On Thursday, California Gov. Jerry Brown signed what looks like the boldest data privacy bill in the country — and the reverberations could shake retailers in the West Coast and beyond.
The goal is to safeguard consumer data, which has become a hot-button issue in the era of Target and Equifax hacks and misuse of Facebook user data. Prescriptively, the statute aims to regulate companies’ privacy practices and give consumers the final say over how their information is used, though the policy takes on a somewhat transactional tone. Customers who let companies sell their data could be compensated in the form of discounts, while those who opt out could be charged, based on what the business would have made.
The legislation covers California residents only, but it begs comparisons to the European Union’s General Data Protection Regulation, which took effect in May. Both measures demand that tech providers, retail companies and others that deal in user data do more to protect it, especially when it comes to security, privacy and permissions.
But there are differences, and the nuances matter.
Under both, the consumer has a right to request that businesses delete any personal information, noted privacy and data security attorney Dave Stauss. But with GDPR, “there are consent requirements — you get consent up front from consumers.” This refers to the “opt-in” style of user permissions, which kicks in before companies use the data, versus “opt-out,” which applies after the fact. “That doesn’t exist [in the California statute], with the caveat that there’s an underage provision for 16 years or younger for parental consent,” he said.
Stauss, a partner at the firm Ballard Spahr, represents clients from start-ups to multibillion-dollar companies across numerous sectors, including retail. He added that GDPR also lists third-party requirements, so “if you’re transferring information, if you have third-party service providers, you’re required to button that up.…That’s not really in the California legislation.”
That particular aspect could impact brands and stores that have partnered with technology providers on data-driven features, like personalization, fitting, styling, product recommendations and more.
Those distinctions speak to another major issue with the new rules: The bill, which was put forth by Assemblyman Ed Chau, was crafted hastily and its language is vague, which means it’s difficult to ascertain just how they’ll be applied and who could be affected.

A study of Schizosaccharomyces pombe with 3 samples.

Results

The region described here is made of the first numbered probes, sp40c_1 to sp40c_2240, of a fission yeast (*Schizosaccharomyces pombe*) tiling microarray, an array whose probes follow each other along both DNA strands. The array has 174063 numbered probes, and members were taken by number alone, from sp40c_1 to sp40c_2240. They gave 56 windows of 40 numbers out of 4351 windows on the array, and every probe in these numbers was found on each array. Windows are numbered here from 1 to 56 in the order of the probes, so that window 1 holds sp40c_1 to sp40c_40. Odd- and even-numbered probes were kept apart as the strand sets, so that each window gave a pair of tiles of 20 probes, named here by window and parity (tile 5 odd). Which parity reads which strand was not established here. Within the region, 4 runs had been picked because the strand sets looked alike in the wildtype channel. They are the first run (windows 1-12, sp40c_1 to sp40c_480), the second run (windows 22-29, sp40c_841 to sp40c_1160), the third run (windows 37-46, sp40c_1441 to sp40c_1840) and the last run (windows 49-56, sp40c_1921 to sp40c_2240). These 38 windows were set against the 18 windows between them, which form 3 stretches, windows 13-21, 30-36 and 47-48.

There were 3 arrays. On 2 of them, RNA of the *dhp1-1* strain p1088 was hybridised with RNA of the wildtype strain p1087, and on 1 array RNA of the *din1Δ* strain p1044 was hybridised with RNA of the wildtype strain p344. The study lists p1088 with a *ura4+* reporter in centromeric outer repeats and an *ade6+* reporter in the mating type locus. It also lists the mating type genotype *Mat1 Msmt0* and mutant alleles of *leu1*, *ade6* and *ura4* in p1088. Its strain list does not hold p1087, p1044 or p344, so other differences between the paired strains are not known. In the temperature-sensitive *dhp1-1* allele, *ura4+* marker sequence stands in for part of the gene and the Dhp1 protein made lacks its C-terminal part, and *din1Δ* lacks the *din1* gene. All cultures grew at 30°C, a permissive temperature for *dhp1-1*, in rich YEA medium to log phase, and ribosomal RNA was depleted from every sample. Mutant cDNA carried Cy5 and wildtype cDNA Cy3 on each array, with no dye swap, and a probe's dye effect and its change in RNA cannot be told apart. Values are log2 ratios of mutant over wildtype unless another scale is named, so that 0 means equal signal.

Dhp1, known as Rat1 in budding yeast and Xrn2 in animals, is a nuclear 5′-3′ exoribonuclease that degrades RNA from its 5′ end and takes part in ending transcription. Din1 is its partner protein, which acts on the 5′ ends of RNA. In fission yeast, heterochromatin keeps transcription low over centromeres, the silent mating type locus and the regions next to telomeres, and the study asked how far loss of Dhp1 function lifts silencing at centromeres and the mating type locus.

Brown inked the measure within hours after lawmakers voted, most likely to prevent a similar proposal from San Francisco real estate developer Alastair Mactaggart from appearing on November ballots. The latter, which has been pulled, would have been more difficult to amend.
As for the current legislation, it doesn’t go into effect until Jan. 1, 2020, so there’s some time to flesh out the details. There are plenty to hammer out. “GDPR is a 90-page legislation, plus or minus, with working groups publishing guidance. And there’s still tons of ambiguity,” Stauss explained. “And here you have a 10-page law with no publishing guidance.”
That doesn’t stop Sen. Robert Hertzberg, the bill’s coauthor, from believing other states will follow his state’s lead: “We in California are taking a leadership position with this bill. I think this will serve as an inspiration across the country.”
It may serve as more than just inspiration. Online purveyors know that e-commerce and other digital services don’t hew to geographical lines. In addition, maintaining separate sets of policies may be prohibitively complex or expensive for companies. The end result could be sweeping changes applied to consumers broadly, not just in California.
Stauss believes the rules will affect companies in different ways, based on their size, the measures they have in place already and other details. But regardless, the statute — whatever it winds up being — will likely be an ongoing point of intense interest for retailers, tech companies and state legislatures across the nation.